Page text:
Bold Women in the C-Suite: Shana Krisan
Name: Shana Krisan
Brand: Goldfish Swim School
Years in franchising: 25
No. of units: 140
How important is making bold moves in a woman’s path to the C-suite? Of course it is! I not only believe that women should be a part of every area of marketing and business development, they should also be at the forefront of decision-making. Know your business model. Speak up! The representation of the consumer is one of the most important aspects of the business.
Describe bold moves you’ve made in your career. I know who I am and what I represent (at “this” age). I don’t consider my moves “bold,” but more of an evolution of my understanding of what I should expect and how I should be treated, and, conversely, how to handle situations and work with people more successfully. Everything I have learned has led me to where I am and has developed me as a person as well as a mentor and leader.
How did you envision those moves changing the brand you were with? Goldfish Swim School was at a very foundational level when I started, but the foundation, the passion, the vision, and the ingredients to grow were there. I was able to bring all of my experience, trials and errors, and successes and mistakes with me. And I was at a place in my life and in my career where I felt confident in my ability to make a difference and help develop the brand for the future.
How has your leadership helped evolve the brand? I’m a big proponent of the adage “The whole is greater than the sum of its parts.” I lead by bringing in people who have passion, insight, ideas, and a teamwork mentality. And I believe in encouraging everyone to speak up and really invest in and take responsibility for the brand. I think my biggest leadership opportunity is to help develop and integrate those ideas and remove the barrier to their implementation. Putting the right people in the right seats and trusting in them has allowed us to create some amazing work that has helped drive our company and our brand forward.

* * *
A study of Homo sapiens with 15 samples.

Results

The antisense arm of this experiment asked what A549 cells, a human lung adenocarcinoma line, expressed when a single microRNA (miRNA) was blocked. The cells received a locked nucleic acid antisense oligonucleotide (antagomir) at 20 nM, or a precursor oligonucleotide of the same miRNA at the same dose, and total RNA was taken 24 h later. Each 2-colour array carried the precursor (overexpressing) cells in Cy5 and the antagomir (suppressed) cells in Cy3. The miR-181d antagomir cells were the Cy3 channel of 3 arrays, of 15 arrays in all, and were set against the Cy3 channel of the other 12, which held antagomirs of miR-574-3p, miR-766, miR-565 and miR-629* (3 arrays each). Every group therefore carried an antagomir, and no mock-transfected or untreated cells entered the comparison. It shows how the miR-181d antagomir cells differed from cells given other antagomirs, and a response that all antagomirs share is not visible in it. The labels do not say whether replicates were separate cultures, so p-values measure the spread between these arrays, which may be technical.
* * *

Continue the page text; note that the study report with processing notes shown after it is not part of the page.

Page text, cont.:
Was there pushback? How did you handle that? We are all on the same page at the leadership level. Everyone has bought into the approach and has set high standards and expectations while providing the trust, resources, and encouragement necessary to propel us forward.
How are you imparting a culture of boldness to other women in your organization? I encourage everyone on the team to find the “love” and the “why” in what they do. It’s not a woman thing, although there are a lot of women in our organization. You won’t go wrong if you follow your passion and dedicate yourself to it!
What motivates you as a leader? Watching things grow! The brand share of voice, the awareness in our communities, the marketing plan, and franchisee success—and the people on the teams!
What are some ways women leaders in franchising can drive change? 1) Speak up! Be who you are and bring your authentic self and unique skills and ideas to the table. 2) Encourage, trust, and mentor others. 3) Share your successes, but also your failures.
What role has mentoring played in your career? How did you meet your mentors? I really never had a positive mentor. That is the reason it’s so important for me to be one!
Describe one of your biggest failures. What did you learn, and how did it contribute to greater personal or business success? One of my biggest failures was one of my greatest understandings: A resume is a jumping-off point. Culture and the ability to be a part of a team that has a consistent understanding of who they are and where they are going means more than the experience.
What is one of the toughest decisions you’ve had to make, and how did it affect your life? Change in general is difficult, but when it involves people, it’s much more challenging. As the business evolves, the needs and direction of the department have changed over the years. And with team health and the objectives and values of the company in mind, I’ve had to make personnel changes that personally were hard to make. In the end, however, that often created opportunity that we parlayed into improvement and growth.
If you could do it all over again, knowing what you know now, what would you do differently? I would understand my value earlier on. I didn’t know what I was “supposed” to do in my career. It took me a beat to realize that there was value in being a holistic thinker and concentrating on the big picture and strategy, even if I wasn’t a subject matter expert in an individual area.
What advice do you have for aspiring female leaders? You know what you know. Don’t question it. Don’t quiet it. But be open to expanding it!